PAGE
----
I've been in Nashville the last couple of days for YALSA's first ever Young Adult Literature Symposium. Things started for me with a special pre-conference called Picturing the Story, which focused on comics and their potential use in education and libraries.
Thanks to a kind invitation from Francisca Goldsmith and other folks at YALSA, I was minimally involved in running the pre-con. I brought some anime short films to show during registration, helped with the setup a little bit and moderated one panel discussion. Considering this was my first time doing something like this I think it went pretty well.
My panel discussion opened the day by focusing on the entire creation process of a graphic novel. Basically how it gets from the head of the creator to the page, from the page to the publisher, the publisher to the library and, finally, the library to the reader. The panelists were Svetlana Chmakova (author/artist of the Manga-influenced comic Dramacon), Kurt Hassler (an editor from Yen Press), Angela Frederick (a librarian from Nashville Public Library), and two teen readers to give us perspective direct from the target audience.
Svetlana was a huge hit. She opened things with a Powerpoint showing her background, some of her early work, and samples showing the illustration process she used in creating Dramacon. From there we moved into questions, and I was really pleased. Everyone on the panel, especially the teen readers, were really thoughtful and entertaining in their answers.
The rest of the pre-con moved along pretty well. Stella Farris, a school librarian from Austin, TX, presented a good primer on Manga. Somehow the questions from the audience all got steered towards yaoi, but considering all the misconceptions people had that was probably a good thing. Peggy Burns from Drawn & Quarterly, one of my favorite publishers of comics, did a good talk on adult graphic novels that teens might like. Although I've read a lot of what she talked about, there were a couple of titles that I definitely need to look for and check out.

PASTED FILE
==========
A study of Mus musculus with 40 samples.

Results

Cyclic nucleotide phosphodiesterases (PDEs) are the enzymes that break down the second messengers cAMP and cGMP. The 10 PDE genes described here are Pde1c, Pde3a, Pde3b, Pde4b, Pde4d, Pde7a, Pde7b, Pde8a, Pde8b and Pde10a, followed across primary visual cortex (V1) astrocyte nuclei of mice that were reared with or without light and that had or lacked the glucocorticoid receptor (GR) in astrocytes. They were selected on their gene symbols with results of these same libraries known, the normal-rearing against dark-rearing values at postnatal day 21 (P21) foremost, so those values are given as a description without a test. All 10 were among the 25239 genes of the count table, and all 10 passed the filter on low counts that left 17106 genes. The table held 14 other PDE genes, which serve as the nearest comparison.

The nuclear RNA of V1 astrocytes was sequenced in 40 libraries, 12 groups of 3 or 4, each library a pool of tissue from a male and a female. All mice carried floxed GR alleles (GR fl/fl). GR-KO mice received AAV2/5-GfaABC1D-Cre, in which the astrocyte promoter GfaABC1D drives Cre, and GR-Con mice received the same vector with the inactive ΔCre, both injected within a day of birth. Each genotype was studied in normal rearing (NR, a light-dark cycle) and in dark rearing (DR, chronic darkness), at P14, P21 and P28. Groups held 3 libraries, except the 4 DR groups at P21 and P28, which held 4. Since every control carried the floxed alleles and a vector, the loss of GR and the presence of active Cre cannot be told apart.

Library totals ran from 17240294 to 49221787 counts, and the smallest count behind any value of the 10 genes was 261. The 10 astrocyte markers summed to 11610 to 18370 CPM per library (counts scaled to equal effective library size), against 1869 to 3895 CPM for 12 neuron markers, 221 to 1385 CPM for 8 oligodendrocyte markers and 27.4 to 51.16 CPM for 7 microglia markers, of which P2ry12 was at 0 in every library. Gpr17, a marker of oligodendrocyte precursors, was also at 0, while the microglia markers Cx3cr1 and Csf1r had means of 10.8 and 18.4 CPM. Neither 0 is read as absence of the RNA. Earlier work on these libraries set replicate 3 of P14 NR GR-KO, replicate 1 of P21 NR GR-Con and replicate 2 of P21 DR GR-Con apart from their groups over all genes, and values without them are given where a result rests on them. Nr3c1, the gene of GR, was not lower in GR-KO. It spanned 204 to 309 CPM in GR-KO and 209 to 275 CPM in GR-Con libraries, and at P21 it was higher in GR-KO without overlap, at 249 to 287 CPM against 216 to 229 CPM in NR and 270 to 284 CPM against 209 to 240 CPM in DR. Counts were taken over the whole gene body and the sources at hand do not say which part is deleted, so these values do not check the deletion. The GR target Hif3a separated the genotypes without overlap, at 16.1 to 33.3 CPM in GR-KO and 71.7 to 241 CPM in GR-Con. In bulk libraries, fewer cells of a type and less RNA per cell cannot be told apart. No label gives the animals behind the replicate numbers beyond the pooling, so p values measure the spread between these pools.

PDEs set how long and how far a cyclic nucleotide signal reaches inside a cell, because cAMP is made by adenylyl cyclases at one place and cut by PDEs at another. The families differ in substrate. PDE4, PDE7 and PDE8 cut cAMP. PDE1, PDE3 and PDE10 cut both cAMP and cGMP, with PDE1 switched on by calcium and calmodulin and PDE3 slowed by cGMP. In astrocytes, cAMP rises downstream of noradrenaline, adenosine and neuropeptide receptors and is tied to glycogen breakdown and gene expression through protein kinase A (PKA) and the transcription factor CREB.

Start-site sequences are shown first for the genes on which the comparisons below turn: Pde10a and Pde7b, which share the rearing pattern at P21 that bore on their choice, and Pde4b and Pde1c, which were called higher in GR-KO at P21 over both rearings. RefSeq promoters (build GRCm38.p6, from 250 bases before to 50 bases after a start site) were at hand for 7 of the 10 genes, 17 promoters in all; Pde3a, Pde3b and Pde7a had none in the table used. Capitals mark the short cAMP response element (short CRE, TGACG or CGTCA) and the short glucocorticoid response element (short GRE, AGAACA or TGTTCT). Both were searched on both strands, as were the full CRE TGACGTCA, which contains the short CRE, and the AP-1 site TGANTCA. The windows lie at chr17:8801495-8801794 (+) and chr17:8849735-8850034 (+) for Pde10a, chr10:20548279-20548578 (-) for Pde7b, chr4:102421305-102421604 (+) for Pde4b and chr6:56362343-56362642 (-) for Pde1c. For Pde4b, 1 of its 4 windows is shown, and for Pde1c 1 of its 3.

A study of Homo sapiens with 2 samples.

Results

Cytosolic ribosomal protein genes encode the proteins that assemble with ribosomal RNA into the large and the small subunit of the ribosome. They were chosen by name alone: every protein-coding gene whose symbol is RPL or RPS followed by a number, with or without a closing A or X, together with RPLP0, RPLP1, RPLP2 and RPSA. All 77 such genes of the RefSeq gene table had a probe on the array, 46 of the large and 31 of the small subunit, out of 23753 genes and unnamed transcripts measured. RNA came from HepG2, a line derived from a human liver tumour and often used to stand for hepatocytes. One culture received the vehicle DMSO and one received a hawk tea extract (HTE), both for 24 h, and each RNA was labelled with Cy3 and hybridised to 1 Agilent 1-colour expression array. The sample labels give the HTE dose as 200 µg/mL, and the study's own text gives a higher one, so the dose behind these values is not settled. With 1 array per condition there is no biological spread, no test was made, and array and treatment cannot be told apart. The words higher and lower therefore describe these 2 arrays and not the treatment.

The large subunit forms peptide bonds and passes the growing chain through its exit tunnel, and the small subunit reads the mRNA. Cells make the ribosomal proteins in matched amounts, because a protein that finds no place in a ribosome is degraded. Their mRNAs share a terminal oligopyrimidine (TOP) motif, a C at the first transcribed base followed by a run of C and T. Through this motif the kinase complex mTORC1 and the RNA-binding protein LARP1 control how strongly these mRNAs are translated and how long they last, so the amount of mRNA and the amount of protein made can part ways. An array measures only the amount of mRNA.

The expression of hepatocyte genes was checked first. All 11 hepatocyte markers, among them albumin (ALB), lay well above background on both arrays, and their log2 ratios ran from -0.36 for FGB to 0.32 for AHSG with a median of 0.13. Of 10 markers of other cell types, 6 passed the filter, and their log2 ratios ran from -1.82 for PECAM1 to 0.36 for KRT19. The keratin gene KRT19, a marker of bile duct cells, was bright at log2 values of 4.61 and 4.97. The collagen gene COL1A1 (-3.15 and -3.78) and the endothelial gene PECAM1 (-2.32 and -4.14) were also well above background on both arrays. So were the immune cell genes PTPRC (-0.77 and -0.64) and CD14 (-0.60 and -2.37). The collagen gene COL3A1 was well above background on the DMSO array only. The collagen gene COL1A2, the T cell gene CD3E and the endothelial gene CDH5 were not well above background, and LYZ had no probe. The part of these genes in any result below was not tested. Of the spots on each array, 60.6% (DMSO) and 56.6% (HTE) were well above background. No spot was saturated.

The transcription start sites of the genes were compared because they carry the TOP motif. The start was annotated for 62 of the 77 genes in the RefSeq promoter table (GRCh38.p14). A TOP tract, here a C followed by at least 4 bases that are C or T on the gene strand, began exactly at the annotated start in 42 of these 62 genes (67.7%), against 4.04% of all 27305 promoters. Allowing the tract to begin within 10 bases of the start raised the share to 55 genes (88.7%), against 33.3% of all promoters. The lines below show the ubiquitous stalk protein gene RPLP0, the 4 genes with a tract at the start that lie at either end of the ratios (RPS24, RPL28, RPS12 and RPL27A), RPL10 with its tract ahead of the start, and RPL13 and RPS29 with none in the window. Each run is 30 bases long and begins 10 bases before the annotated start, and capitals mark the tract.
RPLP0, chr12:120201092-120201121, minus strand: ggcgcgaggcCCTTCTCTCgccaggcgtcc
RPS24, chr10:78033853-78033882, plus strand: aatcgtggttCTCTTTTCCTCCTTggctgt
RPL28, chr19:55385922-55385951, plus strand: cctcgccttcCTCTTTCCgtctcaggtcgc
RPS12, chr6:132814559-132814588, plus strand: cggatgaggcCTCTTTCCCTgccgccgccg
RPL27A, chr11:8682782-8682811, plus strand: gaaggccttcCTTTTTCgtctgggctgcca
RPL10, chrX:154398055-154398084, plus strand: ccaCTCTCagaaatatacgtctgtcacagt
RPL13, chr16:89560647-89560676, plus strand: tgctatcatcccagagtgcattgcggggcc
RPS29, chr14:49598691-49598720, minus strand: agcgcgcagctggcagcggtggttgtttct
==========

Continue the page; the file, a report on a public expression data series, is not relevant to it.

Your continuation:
But by far the star of the day was Gene Luen Yang. Although best known as the author/artist of American Born Chinese, the first graphic novel to be a finalist for the National Book Award, he's also a high school teacher. He did a mesmerizing presentation that somehow managed to cover different ideas of what makes a comic, how comics are influencing other media and how comics can be used in the classroom. He's a definite fan of comics and comics culture and his humor and enthusiasm really shined through his whole talk. Someone mentioned they would try to make his Powerpoint and audio from his talk available online; if that happens I'll be sure to put up a link. I was fortunate enough to meet with him for dinner that night along with some of the other presenters. On top of everything else Gene Yang is an incredibly nice and very genuine person.
I'll probably have more conference stuff later, as I go through and properly digest other sessions.